How Cam Newton is creating a sneaker-like culture in the NFL's world of cleats, starting with his own designs and inspirations.
Heading into Super Bowl 50, Carolina Panthers quarterback Cam Newton has many options, for cleats that is. For his Super Bowl pregame selection, assuming he wins the NFL’s MVP Award on Saturday night, he'll have a few different options to choose from that help tell his story.
Josh Rattet, Under Armour’s vice president of team footwear, tells SI.com they have two cleats ready for pregame: one a gold option and another a MVP-specific choice, both in keeping with the move by Newton to entertain with his various footwear selections.
The non-MVP cleat is a version of Newton’s C1N signature Under Armour cleat in all gold with a “strap that pays homage to the 50th anniversary” of the big game. But don't expect to see much of the gold. Well, not if Newton wins the MVP award that is.says, “I think he will wear (the MVP).”
If the Newton gets awarded the MVP award, Under Armour will also sell a limited number of the pregame cleats signed by Newton for $500, with half the money going to Newton’s charity.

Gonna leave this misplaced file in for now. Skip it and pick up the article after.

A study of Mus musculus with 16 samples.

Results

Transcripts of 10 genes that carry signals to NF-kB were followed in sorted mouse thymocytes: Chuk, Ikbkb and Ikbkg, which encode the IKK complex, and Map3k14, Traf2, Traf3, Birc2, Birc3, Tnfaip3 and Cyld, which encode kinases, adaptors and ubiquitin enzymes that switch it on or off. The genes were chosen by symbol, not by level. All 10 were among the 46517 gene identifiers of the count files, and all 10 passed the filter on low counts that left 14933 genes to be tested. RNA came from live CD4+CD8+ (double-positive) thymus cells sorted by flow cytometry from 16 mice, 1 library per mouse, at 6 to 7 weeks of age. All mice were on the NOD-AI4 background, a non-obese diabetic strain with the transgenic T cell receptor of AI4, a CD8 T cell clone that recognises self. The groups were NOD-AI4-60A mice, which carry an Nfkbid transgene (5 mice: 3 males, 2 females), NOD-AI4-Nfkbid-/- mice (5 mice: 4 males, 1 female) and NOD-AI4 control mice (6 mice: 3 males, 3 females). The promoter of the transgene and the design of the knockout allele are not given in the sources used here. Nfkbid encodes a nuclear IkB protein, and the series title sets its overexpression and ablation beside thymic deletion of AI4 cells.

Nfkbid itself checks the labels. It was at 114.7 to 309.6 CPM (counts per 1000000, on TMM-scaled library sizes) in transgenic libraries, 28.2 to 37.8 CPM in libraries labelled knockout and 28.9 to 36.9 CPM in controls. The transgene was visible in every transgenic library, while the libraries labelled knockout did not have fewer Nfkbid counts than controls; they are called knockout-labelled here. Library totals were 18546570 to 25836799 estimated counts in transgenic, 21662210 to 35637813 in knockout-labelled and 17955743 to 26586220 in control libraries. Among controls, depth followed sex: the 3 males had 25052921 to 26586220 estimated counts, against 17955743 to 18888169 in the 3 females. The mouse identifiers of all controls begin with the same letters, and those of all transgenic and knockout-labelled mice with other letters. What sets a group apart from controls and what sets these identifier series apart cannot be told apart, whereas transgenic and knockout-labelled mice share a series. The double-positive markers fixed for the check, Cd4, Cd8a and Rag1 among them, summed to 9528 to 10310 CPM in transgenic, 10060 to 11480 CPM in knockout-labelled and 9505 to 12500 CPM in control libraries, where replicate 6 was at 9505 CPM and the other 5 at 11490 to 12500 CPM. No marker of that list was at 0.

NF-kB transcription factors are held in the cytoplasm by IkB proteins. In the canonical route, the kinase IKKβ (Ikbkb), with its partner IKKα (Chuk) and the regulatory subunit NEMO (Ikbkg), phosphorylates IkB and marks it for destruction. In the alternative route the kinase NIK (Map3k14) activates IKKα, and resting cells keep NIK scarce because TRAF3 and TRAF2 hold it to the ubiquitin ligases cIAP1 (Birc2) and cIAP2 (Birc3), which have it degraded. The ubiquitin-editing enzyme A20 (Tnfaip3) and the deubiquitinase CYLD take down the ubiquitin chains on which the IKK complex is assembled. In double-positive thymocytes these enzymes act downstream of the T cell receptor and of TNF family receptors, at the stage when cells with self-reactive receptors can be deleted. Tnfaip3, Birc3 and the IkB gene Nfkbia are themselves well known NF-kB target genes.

Once the game starts, though, expect to see Newton opt for a “super premium platinum” combined with Carolina blue, one of his favorite color choices. “In the pregame, we set stories to show off his individuality in the team environment,” Rattet says. But when the game starts, it's a different story.
In an effort to cultivate a sneaker culture in the world of cleats, Newton has become the leader in pregame designs this season, with kicks that include a baby blue cleat with his newborn son’s name on the strap; a shoe with the name of every teammate included in a graphic; cleats that told stories of charities he supports; a Auburn cleat for the Iron Bowl; a Georgia Peach design for his native state; a Heisman Trophy-themed design plus all-black stealth and digital camo to build his "Super Cam" persona.Blending the modern quarterback’s high-taste level, as Rattet calls it, into one of the few signature cleats in the industry, the Baltimore-based company nears the top of football cleat sales in the country.
“He’s fun to work with,” Rattet says. “He loves to experiment and try different things. We spent a lot of time with Cam in the offseason, building up these stories.”
The biggest story, though, will be written on Super Bowl Sunday.
Tim Newcomb covers stadiums, sneakers and design for Sports Illustrated. Follow him on Twitter at @tdnewcomb.